National Partnership for Women & Families


From the desk of ... Kirsten Sloan

Medicare Matters to Older Women

April 24, 2012 | Health Care

The Medicare Trustees announced this week that the program will remain solvent until 2024 - the same projection as last year. While this finding is reassuring, it doesn't mean we can afford to be complacent. Millions of American women - mothers, grandmothers, and aunts - rely on this program every day for affordable health care coverage. In fact, more than half of the roughly 49 million Medicare beneficiaries are women. And the numbers continue to grow as our nation ages.

For these women, Medicare provides access to essential preventive care, physician and hospital services, prescription drugs, and home health care. Often this is care women could not otherwise afford; nursing home care alone can cost roughly $75,000 per year.

Medicare also offers guaranteed protection. There is no gender rating - women pay the same Medicare premium as men; there is no exclusion for pre-existing conditions - an eligible woman diagnosed with breast cancer will not be turned away from the program; Medicare coverage is never rescinded - women can be confident that the coverage will be there when they need it; and there are no annual limits that restrict coverage when a woman needs it most.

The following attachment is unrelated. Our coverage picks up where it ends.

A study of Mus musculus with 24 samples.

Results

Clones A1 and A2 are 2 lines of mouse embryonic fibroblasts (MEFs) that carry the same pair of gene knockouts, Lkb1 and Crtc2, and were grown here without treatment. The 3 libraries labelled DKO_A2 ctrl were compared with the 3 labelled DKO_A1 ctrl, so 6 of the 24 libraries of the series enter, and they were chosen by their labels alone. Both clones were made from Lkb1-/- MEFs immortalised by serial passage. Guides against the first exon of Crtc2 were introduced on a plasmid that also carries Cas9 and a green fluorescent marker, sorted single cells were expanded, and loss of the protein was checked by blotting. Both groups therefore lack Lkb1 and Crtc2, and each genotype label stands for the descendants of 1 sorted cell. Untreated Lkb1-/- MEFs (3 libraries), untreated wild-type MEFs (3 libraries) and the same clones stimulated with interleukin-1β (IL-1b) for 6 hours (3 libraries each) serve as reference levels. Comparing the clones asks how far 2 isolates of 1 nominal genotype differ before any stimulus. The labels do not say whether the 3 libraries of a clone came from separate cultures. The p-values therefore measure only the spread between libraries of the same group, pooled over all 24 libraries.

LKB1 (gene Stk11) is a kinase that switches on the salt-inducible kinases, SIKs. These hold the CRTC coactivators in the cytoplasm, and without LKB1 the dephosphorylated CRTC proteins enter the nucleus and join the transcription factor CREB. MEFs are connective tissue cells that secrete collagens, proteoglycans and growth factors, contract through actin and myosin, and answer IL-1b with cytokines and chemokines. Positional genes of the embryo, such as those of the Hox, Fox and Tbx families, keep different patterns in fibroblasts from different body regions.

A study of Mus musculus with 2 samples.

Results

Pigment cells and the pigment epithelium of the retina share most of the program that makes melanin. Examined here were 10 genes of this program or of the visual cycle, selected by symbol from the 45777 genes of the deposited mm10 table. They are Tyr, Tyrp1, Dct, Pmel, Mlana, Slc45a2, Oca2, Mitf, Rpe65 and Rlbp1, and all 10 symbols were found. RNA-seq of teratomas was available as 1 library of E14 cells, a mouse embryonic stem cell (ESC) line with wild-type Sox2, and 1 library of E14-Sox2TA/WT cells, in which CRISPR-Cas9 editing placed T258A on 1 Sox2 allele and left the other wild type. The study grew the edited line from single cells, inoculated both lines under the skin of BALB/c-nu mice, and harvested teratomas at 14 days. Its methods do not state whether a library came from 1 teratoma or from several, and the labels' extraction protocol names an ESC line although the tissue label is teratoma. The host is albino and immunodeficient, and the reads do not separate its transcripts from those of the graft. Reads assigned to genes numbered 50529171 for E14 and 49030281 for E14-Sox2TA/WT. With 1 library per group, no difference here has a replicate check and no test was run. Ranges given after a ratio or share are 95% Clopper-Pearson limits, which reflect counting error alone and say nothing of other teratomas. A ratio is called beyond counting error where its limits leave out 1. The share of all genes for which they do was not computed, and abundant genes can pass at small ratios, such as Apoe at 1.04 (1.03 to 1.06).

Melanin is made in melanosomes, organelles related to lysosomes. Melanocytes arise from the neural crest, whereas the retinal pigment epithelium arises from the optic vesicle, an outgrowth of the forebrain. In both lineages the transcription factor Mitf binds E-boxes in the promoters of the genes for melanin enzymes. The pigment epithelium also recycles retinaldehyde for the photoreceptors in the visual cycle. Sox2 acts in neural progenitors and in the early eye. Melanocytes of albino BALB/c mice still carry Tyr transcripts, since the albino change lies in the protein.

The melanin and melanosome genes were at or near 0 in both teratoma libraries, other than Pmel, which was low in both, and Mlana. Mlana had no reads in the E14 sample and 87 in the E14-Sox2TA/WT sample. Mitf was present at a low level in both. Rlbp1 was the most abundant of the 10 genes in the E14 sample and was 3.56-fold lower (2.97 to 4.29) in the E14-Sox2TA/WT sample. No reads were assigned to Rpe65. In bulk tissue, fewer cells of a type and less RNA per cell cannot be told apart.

Medicare's promise of affordable coverage has become one of the most important pillars of retirement security. Women age 65 and older have average incomes of only around $22,000 - an amount easily wiped out by one serious illness. Without Medicare, millions of older women would be left to shoulder unmanageable health care costs, forego the critical health care services they need, or be forced to rely on their children for assistance.

There is no question that refinements that reduce health spending and make Medicare more sustainable for the long-term are necessary. There are also improvements in the program - like a sorely needed cap on total out of pocket expenses - that need to be made. But any refinements must be done thoughtfully and carefully. Changes that simply push more costs onto Medicare beneficiaries or cut provider payments in ways that deter physicians from accepting Medicare patients are short-sighted.

The Trustees report indicates there is some time to make the right changes - changes that strengthen the program for current and future generations of women and protect Medicare's promise of affordable, quality health care. We owe it to these women to get it right.